Published on in Orthopaedics Update
The pediatric Spine Program at Children’s Hospital of Philadelphia is known nationally and internationally for its innovations over the past two decades. Contributions to the field have included improvements in surgical technique, perioperative care, and quality, safety and value.
Key milestones in the management of spine deformities
In the early 2000s, CHOP’s spine surgeons collaborated with a local neurophysiologist to develop sophisticated multimodal neural monitoring. This led to an award-winning paper and rapid adoption worldwide of a new standard of care.
In 2007, Division Chief, John M. Flynn, MD, was the first to use image-guided navigation in pediatric spine deformity, and published studies showing the significant safety gains from this approach. Navigation is now used at most pediatric spine deformity centers, and it is becoming the national standard of care as the technology becomes more widely available.
Collaborating with anesthesia and the pain service, CHOP’s spine deformity program developed the Rapid Recovery Program (RRP), significantly reducing both postoperative pain and length of stay after scoliosis surgery. Seven years ago, the postoperative stay was five to seven days, with RRP; it is now two to three days. The RRP has been adopted by many children’s hospitals across the country.
The most recent nationally acclaimed innovation is CHOP’s Dedicated Spine Teams (DSTs). Working in collaboration with anesthesia, nursing and CHOP’s Office of Clinical Quality Improvement, Dr. Flynn led the development of DSTs in 2015. The quality, safety and value advances have been huge and include large reductions in OR time, blood loss and cost. This innovative care model has swept the nation, was presented in best paper sessions for the Pediatric Orthopaedic Society of North America (POSNA) and the Scoliosis Research Society, was quickly adopted at other pediatric spine centers, and became a source of quality points on the U.S. News & World Report survey.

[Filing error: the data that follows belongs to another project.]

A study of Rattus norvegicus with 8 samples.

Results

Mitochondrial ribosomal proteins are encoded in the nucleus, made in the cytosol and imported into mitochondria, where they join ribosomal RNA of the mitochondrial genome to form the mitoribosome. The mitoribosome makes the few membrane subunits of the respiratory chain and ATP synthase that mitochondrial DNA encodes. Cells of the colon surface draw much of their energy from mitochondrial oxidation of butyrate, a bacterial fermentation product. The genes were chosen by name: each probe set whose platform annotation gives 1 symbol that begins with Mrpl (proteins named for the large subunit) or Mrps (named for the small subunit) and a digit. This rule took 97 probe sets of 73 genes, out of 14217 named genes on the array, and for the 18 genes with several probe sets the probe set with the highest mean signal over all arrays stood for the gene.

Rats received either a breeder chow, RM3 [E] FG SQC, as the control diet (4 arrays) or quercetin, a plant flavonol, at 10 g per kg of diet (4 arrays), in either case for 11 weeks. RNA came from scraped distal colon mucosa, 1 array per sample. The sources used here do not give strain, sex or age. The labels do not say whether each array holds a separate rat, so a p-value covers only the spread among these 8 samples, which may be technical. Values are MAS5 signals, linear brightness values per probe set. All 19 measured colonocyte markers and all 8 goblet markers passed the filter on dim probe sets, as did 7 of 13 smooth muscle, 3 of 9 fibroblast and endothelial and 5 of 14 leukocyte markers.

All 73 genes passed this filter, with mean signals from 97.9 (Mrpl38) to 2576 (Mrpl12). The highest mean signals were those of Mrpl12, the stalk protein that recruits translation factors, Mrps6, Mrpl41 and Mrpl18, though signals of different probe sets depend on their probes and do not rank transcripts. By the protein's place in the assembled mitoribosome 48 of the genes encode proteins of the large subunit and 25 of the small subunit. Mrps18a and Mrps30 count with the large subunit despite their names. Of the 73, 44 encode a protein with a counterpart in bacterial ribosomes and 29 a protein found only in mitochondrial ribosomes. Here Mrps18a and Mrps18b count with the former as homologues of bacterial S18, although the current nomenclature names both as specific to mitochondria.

Finally, a novel technique to get a free skeletal age on every child having a low radiation EOS scoliosis film won the quality, safety and value award at POSNA, and has become a popular technique in most pediatric spine centers.
Continuing to advance standards of care
CHOP Orthopaedics has also been at the forefront of reducing pediatric and adolescent opioid use after injuries and operations. The CHOP Spine Program has developed innovative ways to monitor postoperative opioid use, and with careful counseling and the rapid recovery pathway, most teenagers only need opioids for five to seven days after their spine deformity correction, which is significantly less than in past years.
Patrick Cahill, MD, has led CHOP’s effort to launch vertebral body tethering (VBT), an experimental technique to use an anterior flexible tether to control scoliosis, and a child’s remaining growth to drive some further deformity correction. While the technique has been controversial nationwide because of questionable practices at several centers, Dr. Cahill took the high road, creating the FDA-sponsored IDE trial, based at CHOP.
Success of the trial, and transparent collaboration with the FDA, led to FDA tethering device approval in 2019, likely setting the stage for wide adoption at other centers. Many clinical and basic science research projects are underway at CHOP to further refine VBT and determine optimal indications.
All these innovations in care — neural monitoring, intraoperative navigation, rapid recovery pathway, dedicated spine teams and opioid reduction efforts — and the recent launch of vertebral body tethering, are attracting families from across the region, nation and globe. Our renowned referral nurse navigator works with families to facilitate second opinions with a CHOP spine surgeon. Despite the high demand, our nurse navigator is able to get families in to see one of our spine surgery experts quickly, so that all can have access to the innovations and great quality improvements developed at CHOP over the past decade.